Sancaklar Mosque, Büyükçekmece, Turkey, 2012, Emre Arolat Architects. As featured in Stone

The New Stone Age: Sancaklar Mosque

This stone building proves you can respect religious needs with challenging contemporary designs

Think of a Turkish mosque, and you probably picture a domed building with ornate minarets. But, that wasn’t the kind of structure that Emre Arolat Architects delivered to the Sancaklar Foundation back in 2012, when it built the new Sancaklar Mosque, in Büyükçekmece, to the west of Istanbul.

“Challenging conventions of mosque design, this subterranean sacred space is reached via shallow, terrace-like steps that emphasize the relationship between the landscape and the low-slung building itself,” writes author William Hall in his new book, Stone. “Because the building is partly submerged, it benefits from natural insulation, making it low-energy.”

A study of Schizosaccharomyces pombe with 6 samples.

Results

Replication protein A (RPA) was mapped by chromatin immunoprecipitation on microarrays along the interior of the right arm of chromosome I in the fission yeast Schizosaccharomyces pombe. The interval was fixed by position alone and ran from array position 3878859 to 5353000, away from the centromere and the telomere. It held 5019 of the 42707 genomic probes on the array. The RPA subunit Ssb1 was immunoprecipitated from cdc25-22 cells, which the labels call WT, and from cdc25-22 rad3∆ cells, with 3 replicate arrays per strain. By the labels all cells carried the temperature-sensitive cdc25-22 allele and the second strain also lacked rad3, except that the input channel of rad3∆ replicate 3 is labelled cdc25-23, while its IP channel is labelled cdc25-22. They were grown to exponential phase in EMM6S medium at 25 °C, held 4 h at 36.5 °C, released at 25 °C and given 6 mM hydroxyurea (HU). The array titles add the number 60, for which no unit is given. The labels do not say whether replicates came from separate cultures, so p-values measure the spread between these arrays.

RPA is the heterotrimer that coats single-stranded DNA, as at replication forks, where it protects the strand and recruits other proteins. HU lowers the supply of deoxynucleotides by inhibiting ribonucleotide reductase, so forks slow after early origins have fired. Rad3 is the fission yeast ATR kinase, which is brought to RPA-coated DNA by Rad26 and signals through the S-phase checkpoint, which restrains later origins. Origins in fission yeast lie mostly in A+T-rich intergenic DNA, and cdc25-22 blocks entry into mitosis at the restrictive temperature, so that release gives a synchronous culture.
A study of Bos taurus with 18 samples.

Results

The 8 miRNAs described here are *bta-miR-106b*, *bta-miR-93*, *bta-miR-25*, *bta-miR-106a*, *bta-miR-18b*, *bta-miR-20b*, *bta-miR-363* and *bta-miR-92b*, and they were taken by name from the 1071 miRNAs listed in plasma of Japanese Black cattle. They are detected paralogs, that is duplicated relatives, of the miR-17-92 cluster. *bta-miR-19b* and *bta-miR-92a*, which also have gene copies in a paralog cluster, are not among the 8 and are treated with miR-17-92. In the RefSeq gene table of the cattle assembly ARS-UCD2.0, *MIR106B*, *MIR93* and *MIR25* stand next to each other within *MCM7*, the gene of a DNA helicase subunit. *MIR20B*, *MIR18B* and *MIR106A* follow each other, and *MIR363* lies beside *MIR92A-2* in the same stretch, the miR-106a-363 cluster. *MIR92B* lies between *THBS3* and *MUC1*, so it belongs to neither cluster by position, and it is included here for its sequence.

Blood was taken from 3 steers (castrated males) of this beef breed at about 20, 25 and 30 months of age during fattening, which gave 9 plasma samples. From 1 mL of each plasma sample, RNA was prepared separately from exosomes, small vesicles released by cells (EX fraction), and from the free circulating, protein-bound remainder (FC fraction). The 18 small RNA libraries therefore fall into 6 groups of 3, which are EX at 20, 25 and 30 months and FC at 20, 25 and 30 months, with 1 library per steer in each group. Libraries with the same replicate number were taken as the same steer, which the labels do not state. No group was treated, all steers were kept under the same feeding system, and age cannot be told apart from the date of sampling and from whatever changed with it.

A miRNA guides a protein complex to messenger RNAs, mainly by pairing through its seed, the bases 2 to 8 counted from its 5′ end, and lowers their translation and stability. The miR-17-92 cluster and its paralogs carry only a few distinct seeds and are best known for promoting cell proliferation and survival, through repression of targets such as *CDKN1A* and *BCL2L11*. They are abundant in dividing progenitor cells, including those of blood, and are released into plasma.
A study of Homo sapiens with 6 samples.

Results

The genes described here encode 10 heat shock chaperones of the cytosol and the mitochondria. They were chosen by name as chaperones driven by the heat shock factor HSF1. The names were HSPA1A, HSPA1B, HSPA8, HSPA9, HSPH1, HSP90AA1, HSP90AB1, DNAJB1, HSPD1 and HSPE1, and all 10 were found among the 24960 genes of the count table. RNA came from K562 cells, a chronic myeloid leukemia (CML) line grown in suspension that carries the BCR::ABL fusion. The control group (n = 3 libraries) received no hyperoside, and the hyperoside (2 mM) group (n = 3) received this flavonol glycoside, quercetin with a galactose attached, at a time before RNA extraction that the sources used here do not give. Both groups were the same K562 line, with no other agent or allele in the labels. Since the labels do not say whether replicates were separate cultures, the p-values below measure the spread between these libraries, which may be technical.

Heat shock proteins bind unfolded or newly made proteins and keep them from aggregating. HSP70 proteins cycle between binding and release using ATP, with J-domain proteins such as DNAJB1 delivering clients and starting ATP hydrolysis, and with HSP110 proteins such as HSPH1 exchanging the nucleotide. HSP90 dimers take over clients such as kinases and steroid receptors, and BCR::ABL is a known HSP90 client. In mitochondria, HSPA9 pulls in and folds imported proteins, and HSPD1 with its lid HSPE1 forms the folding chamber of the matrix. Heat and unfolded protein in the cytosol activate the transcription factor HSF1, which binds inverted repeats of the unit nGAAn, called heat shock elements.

Those ecological credentials are further emphasized by the building’s turf roof, which merges into the surrounding parkland. Indeed, natural and manmade materials nestle neatly together inside too, where the mosque’s natural stone steps are sheltered by a thin reinforced concrete-slab canopy.

Turkey’s Islamic traditions may date back centuries, but this building proves they can also be brought up-to-date, even when using the most ancient of building materials.



Stone by William Hall
Stone by William Hall

For more on this building and many other wonders of rocky architecture, buy a copy of Stone. Featuring more than 170 structures, from prehistory through to today, the book includes an incredible range of buildings: awe-inspiring Neolithic monuments and the epic Pyramids of Giza feature alongside the work of twentieth-century icons, from Mies van der Rohe's seminal Barcelona Pavilion to Marcel Breuer's daring Met building in New York.

There are also projects by the world's best contemporary architects, from Snøhetta's angular Norwegian National Opera and Ballet in Oslo to Kengo Kuma's sculptural Chokkura Plaza in Japan and David Chipperfield's geometric Museo Jumex in Mexico City.

Arranged to provoke discussion, each project includes an extended caption providing a perceptive commentary on the building. An elegant and informative visual exploration, Stone demonstrates the remarkable variety of creative and innovative structures the material has given birth to around the world. Find out more here.